Personal 1-to-1 coaching will be the most important and influential activity in a young athlete’s development and confidence. Great things happen when a young player is given the opportunity to have 1-to-1 time with an expert. Contrary to popular opinion, it is not how much time you practice, but rather ‘how you practice’, that makes the difference. Skilled, high level training from an expert combined with a desire to learn on behalf of the player,
The running back is the guy who is typically lined up in the offensive backfield with the quarterback. The primary roles of a running back are to receive handoffs from the quarterback for a rushing play, to catch passes from out of the backfield, and to block. A great running back must be tough, durable, elusive, strong, and an effective blocker. He possesses great vision as well as the ability to make the first tackler miss or can break that first tackle.
Prior to his senior season at The University of San Diego Sebastian was selected as one of only 20 pre-season Walter Payton Award candidates, which is the equivalent of the Heisman Trophy for the nation’s top FCS (Football Championship Series) athlete.
He was rated by many NFL scouting services in the top 24 quarterbacks in the nation. He was a prototypical NFL style QB at 6’3″ and 223 pounds and ran the West Coast Offense at USD.
The position of receiver requires a player to posses the greatest combination of athletic skills of any other position. Agility, hand-eye coordination, balance, precision of movement, deception, explosiveness, the ability to concentrate under duress, and toughness define a great receiver. “The ability to catch the ball within the heart of the secondary is like someone tossing you a T-bone steak inside a cage of hungry lions! First you’ve got to catch that steak and then you’ve got to get out of there without getting eaten!”- Coach Van Tassel
Now that I’ve painted a picture for you let’s look at just one of the things you’ll need to master as a receiver and that is line releases.
The position of kicker is a unique position. Not only does a kicker need to be athletic and coordinated to kick the ball physically but he must posses the confidence to handle pressure. Flexibility, strength, technique and mental toughness are all important attributes of a great kicker.
“I can tell you, I have seen too many kickers that can kick the ball a long way, but doing it under pressure is another story.
Bill Cunerty has worked with numerous NFL athletes, and most recently Andrew Luck the #1 NFL Draft pick in 2012. He is considered to be one of the nations top quarterback coaches. Bill teaches performance training for elite athletes. He is often called upon to help recent college seniors achieve their dreams of playing in the National Football League. The 20-somethings come to coach Cunerty from all over the country for the opportunity to work with him.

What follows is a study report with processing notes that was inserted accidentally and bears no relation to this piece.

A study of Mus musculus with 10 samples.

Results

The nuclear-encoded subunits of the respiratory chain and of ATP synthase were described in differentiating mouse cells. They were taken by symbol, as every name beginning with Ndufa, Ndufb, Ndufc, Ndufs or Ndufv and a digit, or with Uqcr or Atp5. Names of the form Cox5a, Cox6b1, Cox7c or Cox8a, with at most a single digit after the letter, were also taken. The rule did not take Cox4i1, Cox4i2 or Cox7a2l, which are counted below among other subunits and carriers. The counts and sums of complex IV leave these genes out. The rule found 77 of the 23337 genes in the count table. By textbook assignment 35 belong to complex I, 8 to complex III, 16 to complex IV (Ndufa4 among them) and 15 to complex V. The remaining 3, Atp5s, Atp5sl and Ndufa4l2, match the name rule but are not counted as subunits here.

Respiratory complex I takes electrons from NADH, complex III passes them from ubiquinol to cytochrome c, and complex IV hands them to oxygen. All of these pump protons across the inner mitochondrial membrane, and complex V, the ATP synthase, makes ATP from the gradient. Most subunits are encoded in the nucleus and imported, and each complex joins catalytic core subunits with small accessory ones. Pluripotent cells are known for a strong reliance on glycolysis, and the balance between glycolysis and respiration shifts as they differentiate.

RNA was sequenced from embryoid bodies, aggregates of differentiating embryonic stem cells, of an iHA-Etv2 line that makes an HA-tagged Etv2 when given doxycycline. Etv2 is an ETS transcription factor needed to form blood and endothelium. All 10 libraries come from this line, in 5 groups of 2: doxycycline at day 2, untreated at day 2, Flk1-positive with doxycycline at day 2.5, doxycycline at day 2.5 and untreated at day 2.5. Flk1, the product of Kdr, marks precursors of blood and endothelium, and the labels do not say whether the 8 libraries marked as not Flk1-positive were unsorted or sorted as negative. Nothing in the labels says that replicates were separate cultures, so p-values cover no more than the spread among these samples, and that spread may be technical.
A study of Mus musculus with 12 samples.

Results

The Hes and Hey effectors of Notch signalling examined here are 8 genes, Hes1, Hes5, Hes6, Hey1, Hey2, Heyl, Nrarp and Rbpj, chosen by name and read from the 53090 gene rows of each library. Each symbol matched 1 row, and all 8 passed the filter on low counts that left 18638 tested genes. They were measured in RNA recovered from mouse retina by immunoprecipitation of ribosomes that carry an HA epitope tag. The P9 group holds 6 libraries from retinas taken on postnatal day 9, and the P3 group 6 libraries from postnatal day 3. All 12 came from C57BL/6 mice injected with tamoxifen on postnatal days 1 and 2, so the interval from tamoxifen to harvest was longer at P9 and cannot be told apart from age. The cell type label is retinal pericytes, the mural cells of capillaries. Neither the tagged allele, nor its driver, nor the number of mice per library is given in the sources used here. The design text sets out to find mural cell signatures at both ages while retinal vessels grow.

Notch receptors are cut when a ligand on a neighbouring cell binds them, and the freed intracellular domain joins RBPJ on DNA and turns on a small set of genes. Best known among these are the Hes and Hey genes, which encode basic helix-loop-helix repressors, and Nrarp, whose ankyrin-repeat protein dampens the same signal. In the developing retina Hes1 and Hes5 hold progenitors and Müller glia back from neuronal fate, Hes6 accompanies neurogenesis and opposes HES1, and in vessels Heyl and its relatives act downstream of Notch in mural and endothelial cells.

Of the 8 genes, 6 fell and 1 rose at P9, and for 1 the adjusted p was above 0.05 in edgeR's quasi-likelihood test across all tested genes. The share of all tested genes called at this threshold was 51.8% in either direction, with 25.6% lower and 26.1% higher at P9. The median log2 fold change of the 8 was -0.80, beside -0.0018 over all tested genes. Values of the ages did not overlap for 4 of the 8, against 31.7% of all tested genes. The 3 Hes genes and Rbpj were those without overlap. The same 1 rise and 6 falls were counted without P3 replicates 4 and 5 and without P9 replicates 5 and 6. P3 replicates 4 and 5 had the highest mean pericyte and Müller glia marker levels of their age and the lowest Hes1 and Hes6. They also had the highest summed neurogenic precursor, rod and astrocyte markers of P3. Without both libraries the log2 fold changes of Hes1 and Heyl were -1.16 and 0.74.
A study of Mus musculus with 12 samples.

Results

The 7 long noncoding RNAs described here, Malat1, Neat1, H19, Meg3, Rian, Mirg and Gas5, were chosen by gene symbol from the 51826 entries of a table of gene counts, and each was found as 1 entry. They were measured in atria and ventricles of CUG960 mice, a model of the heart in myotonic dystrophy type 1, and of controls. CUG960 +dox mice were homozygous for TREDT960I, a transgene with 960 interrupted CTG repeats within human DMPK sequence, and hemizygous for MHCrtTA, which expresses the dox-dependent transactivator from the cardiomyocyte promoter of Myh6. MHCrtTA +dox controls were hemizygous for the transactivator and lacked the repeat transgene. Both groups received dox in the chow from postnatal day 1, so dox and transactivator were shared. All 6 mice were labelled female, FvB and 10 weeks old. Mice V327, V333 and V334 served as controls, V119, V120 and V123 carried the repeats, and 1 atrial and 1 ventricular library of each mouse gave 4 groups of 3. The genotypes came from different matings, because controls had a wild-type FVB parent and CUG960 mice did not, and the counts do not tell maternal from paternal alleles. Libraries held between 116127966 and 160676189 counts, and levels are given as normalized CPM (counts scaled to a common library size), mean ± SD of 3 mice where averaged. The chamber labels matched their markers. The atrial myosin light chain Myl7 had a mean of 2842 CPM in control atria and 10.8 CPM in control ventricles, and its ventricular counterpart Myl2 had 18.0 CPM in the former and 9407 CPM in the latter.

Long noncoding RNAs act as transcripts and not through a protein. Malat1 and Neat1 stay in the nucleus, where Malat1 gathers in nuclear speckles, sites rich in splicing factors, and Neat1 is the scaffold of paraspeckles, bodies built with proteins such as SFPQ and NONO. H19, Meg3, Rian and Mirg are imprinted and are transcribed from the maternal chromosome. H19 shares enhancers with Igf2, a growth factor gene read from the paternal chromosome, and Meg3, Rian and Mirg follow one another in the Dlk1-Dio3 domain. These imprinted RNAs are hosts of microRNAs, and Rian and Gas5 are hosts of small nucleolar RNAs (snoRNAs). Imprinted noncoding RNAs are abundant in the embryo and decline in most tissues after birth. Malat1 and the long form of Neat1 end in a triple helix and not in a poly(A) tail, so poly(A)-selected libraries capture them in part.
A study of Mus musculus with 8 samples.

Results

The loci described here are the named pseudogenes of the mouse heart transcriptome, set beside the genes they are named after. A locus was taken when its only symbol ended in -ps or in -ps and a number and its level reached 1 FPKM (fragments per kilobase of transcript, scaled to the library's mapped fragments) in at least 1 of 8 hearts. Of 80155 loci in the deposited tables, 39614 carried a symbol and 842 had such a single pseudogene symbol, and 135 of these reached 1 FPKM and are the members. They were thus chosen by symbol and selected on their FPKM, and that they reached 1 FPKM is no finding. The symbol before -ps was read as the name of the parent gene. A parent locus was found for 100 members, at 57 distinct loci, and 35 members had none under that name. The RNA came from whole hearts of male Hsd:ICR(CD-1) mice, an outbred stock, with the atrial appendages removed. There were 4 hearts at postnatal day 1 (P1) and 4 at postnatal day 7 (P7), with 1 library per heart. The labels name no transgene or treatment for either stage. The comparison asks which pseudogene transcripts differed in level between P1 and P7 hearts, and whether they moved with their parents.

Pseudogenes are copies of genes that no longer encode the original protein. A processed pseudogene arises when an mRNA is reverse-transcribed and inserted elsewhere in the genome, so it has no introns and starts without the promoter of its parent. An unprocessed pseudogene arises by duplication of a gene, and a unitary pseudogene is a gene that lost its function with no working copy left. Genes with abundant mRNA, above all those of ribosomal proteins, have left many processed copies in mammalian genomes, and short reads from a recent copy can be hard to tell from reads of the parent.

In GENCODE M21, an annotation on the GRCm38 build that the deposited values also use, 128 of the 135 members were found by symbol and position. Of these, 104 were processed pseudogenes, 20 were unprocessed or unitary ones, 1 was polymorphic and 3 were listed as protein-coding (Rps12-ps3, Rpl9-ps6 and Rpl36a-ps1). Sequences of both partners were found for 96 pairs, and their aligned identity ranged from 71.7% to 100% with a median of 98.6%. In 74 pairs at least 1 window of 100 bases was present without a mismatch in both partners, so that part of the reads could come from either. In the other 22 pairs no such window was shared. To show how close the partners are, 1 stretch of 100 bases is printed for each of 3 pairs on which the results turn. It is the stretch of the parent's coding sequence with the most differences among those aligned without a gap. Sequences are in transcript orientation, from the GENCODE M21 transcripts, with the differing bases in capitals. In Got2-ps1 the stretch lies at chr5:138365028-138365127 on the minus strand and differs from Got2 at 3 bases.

The position of receiver requires a player to posses the greatest combination of athletic skills of any other position. Agility, hand-eye coordination, balance, precision of movement, deception, explosiveness, the ability to concentrate under duress, and toughness define a great receiver. “The ability to catch the ball within the heart of the secondary is like someone tossing you a T-bone steak inside a cage of hungry lions! First you’ve got to catch that steak and then you’ve got to get out of there without getting eaten!”
Coach Eric Van Tassel is considered one the most complete receiver coaches in the country. He was raised in Denver, CO. He grew up closely tied to professional football as he was the neighbor of former Denver Broncos Defensive Coordinator Joel Collier and was childhood friends with his son Joel Collier Jr. Van Tassel graduated from Fort Lewis College in Durango, CO with a degree in Exercise Science in 1987. While at Fort Lewis he played wide receiver and still holds the record for the most two point receptions in a career and season.
Most high school football players are unfamiliar with the college recruiting process when they first start receiving interest from various colleges. As a former college coach, I feel it is important for kids and parents to understand how the recruiting process works from the perspective of the coach.
Legally, college coaches can only send freshman or sophomore football players two documents, a questionnaire and a camp brochure. The NCAA prohibits anything else be sent prior to September 1st of a prospective player’s junior year.
Special Teams is a game-changer in youth football. Most youth football teams do not practice Special Teams the needed amount of time, and they pay the consequences in the game and ultimately in their win/loss record. Also, most youth teams place a high number of minimum play players on their Special Team units. This will lead to bad news.
A typical pee-wee team should spend at least one/seventh of it’s weekly practice time on coordinated Special Teams practice.